Authors
  • Hyder, M1
  • Tanboga, I1
  • Kalyoncu, I1
  • Arain, H2
  • Marks, L3
  • 1 Department of Pediatric Dentistry, Faculty of Dentistry, Marmara University, Istanbul, Turkey. , (Turkey)
  • 2 Department of Orthodontics, Faculty of Dentistry, Marmara University, Istanbul, Turkey. , (Turkey)
  • 3 Department of Oral Health in Special Needs, Ghent University Hospital, Ghent, Belgium. , (Belgium)
Type
Published Article
Journal
Journal of intellectual disability research : JIDR
Publication Date
Nov 01, 2019
Volume
63
Issue
11
Pages
1324–1333
Identifiers
DOI: 10.1111/jir.12673
PMID: 31342584
Source
Medline
Keywords
Language
English
License
Unknown

Abstract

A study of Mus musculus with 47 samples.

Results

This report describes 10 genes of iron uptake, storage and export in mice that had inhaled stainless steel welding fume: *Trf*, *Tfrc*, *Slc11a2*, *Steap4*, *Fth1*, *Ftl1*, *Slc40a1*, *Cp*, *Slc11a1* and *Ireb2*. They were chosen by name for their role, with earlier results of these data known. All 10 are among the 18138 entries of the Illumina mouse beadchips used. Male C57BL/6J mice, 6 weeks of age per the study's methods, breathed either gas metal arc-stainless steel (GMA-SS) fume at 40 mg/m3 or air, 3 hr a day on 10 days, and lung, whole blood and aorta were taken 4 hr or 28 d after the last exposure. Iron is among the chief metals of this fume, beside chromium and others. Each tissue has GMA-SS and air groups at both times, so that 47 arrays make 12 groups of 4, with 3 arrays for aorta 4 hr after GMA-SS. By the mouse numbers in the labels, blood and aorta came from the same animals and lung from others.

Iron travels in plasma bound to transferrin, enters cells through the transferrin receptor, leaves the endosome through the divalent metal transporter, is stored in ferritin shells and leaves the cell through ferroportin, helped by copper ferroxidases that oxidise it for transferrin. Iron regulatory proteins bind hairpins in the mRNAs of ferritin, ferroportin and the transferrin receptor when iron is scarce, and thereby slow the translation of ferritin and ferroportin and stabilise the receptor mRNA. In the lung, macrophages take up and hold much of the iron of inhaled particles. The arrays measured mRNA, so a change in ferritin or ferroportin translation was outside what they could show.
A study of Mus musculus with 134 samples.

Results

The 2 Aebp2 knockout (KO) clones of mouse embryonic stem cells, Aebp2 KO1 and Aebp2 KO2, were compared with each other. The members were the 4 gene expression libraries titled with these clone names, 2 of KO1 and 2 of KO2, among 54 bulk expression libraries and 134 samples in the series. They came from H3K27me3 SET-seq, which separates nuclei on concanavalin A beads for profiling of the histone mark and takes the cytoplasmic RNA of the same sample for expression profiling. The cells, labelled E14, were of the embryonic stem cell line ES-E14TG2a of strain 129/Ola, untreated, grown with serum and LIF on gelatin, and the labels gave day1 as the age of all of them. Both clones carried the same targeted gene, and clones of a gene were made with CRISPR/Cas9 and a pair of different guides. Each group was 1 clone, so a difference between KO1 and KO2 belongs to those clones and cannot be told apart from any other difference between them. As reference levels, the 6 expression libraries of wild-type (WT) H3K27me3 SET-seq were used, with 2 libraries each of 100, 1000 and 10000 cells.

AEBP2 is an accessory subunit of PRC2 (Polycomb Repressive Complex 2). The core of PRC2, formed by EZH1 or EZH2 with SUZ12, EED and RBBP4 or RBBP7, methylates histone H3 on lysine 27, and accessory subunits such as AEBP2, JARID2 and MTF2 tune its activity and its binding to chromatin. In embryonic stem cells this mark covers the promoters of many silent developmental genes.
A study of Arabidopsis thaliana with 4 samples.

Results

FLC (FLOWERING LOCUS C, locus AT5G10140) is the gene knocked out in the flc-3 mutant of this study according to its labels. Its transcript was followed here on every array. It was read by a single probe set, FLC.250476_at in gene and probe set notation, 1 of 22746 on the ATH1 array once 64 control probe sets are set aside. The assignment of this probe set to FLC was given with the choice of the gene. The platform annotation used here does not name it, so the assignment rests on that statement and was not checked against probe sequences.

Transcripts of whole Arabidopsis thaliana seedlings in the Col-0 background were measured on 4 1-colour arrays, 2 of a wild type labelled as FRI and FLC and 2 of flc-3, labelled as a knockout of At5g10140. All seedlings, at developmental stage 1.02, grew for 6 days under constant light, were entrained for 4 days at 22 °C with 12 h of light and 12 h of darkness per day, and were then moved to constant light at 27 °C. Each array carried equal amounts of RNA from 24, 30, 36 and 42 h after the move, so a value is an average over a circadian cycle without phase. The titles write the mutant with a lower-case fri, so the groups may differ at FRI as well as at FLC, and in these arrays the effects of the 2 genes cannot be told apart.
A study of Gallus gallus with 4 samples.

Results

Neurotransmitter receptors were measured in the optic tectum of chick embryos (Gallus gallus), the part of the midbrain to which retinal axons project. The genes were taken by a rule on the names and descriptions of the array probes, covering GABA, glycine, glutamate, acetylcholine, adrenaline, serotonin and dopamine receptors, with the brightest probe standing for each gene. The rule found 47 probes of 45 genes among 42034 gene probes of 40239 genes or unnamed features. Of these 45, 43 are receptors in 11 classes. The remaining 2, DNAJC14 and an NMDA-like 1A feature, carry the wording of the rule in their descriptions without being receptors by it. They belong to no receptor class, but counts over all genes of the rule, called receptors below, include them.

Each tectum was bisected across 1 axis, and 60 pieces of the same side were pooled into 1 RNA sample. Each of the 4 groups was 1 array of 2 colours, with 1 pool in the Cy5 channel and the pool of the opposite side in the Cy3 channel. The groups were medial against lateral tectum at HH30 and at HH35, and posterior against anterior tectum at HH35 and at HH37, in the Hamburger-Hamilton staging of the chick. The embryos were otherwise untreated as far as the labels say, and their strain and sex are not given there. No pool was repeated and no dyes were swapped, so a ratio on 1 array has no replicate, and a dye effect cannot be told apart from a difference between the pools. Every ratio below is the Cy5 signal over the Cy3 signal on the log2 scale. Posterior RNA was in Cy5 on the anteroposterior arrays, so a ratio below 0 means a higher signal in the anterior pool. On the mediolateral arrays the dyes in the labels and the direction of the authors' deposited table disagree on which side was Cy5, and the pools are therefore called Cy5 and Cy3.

An oral condition that has largely been ignored in the Down syndrome population is pathological tooth wear. This study is aimed to create more awareness of the reasons underlying the tooth wear observed in patients with Down syndrome and to suggest different methods to prevent this condition. This research also potentially serves as a platform for future researchers to perform an in-depth analysis of the factors we identified. The aim of this study was to determine if children with Down syndrome are more prone to tooth wear than children who do not have Down syndrome. Our sample consisted of 120 children with Down syndrome who were compared with 120 children with no disabilities. The parents or guardians were asked to complete a questionnaire and a 3-day diet chart, while the wear on each tooth was recorded using the standardised Simplified Smith and Knight Tooth Wear Index. Children with Down syndrome experience tooth wear more frequently than non-Down syndrome children. A history of asthma, mouth breathing and gastro-oesophageal reflux disease as well as the intake of acidic diet and drinks has exerted significant effects on the prevalence of tooth wear. The early diagnosis and analysis of the underlying aetiology are important for the management of tooth wear in children with Down syndrome who have shown a greater tendency to develop erosive lesions. © 2019 MENCAP and International Association of the Scientific Study of Intellectual and Developmental Disabilities and John Wiley & Sons Ltd.